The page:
NEW YORK - US officials confirmed Wednesday that a young Yale scientist was strangled before being stuffed in a wall, as the police net closed around a lab technician at the Ivy League university.
"The cause of death was traumatic asphyxiation due to neck compression," a spokeswoman for the Connecticut state medical examiner told AFP, announcing the results of the autopsy on student Annie Le, 24.
Le's body was found Sunday, the day she had been due to marry and five days after she disappeared in the carefully guarded facility, where experiments are performed on animals.
No one has been charged, but the focus was intensifying on lab technician Raymond Clark, also 24.
FBI agents and local police poured late Tuesday into his Middletown, Connecticut, residence and took him away to obtain DNA samples, which will be checked against evidence found at the scene.
"He was released at three o'clock this morning after he complied with our search warrant," said Jessica Mayorga, spokeswoman for police in New Haven, home of Yale.
"If we find a reason after we go through the evidence to bring him back in we will, but we can't hold him now," she told AFP.
Clark has not been charged, but remains a "person of interest." Police were initially mystified by Le's vanishing inside the strictly controlled laboratory. Repeated searches failed to discover the body until a dog trained in sniffing for cadavers found her remains stuffed in a wall cavity.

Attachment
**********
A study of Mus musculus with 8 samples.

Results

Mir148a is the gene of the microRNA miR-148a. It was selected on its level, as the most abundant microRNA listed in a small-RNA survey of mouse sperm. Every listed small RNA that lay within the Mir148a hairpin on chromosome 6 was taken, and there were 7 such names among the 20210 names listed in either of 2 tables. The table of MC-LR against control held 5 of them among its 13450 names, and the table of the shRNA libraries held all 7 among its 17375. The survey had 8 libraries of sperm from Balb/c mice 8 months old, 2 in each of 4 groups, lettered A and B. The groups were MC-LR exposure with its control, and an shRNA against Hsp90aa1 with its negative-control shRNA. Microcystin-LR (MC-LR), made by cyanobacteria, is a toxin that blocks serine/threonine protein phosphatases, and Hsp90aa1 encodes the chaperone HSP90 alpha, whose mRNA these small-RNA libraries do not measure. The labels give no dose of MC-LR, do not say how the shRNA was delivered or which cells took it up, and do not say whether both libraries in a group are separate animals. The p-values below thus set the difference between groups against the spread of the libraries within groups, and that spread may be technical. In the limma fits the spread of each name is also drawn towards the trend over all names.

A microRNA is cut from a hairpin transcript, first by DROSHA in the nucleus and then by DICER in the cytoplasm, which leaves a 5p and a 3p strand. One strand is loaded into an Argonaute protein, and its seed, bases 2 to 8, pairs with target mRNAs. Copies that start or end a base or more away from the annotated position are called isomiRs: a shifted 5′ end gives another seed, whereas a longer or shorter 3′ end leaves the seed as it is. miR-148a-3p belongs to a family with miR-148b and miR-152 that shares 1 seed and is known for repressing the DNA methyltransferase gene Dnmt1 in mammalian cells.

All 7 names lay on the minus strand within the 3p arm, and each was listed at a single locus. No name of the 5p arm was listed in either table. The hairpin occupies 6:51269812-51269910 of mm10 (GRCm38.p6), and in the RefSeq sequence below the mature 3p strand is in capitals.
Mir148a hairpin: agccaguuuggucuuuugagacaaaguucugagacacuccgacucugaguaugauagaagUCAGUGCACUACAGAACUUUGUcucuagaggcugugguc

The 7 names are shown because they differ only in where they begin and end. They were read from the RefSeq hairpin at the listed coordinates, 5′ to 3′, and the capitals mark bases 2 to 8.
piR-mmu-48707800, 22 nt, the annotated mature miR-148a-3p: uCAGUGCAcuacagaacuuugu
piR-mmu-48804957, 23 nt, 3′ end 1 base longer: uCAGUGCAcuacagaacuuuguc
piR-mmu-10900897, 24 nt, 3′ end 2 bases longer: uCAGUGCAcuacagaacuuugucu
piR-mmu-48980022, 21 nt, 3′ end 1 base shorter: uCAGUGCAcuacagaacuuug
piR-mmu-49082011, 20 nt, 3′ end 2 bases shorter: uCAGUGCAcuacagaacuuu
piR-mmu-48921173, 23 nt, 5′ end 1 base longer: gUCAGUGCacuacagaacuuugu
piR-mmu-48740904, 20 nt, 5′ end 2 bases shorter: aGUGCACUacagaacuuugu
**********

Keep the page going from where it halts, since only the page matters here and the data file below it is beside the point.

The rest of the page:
Police are also examining hundreds of hours of security camera footage and questioning every person who was present in the building. Some 150 pieces of physical evidence were collected at the crime scene.
The hunt for the killer at one of the country's most prestigious universities stirred fevered interest in the US media.
The New York Daily News reported that Clark had been upset about Le's treatment of mice used in experiments, and that the petite Vietnamese-American grad student had promised to follow protocols more closely.
"Investigators wonder if Clark was not satisfied, if resentment suddenly flared to rage, if as crazy as it may seem this was a case of mice and murder," Daily News columnist Michael Daly wrote.
Local media reports said that Clark had failed a lie-detector test and also had scratches on his arm.
But police went out of their way to be cautious, insisting that Clark was merely a focus of the enquiry.
"Clark was removed from his residence in accordance with a second search and seizure warrant and transported to a law enforcement facility for the purpose of seizing potential evidence relative to the homicide investigation," police said in a statement following the raid late Tuesday.
"Clark has not been charged in the death of Annie Le and will be released upon his compliance with the search and seizure warrant." However, FBI investigators shadowed Clark for days, with 15 agents tailing him at a local fair over the weekend, ABC television news reported.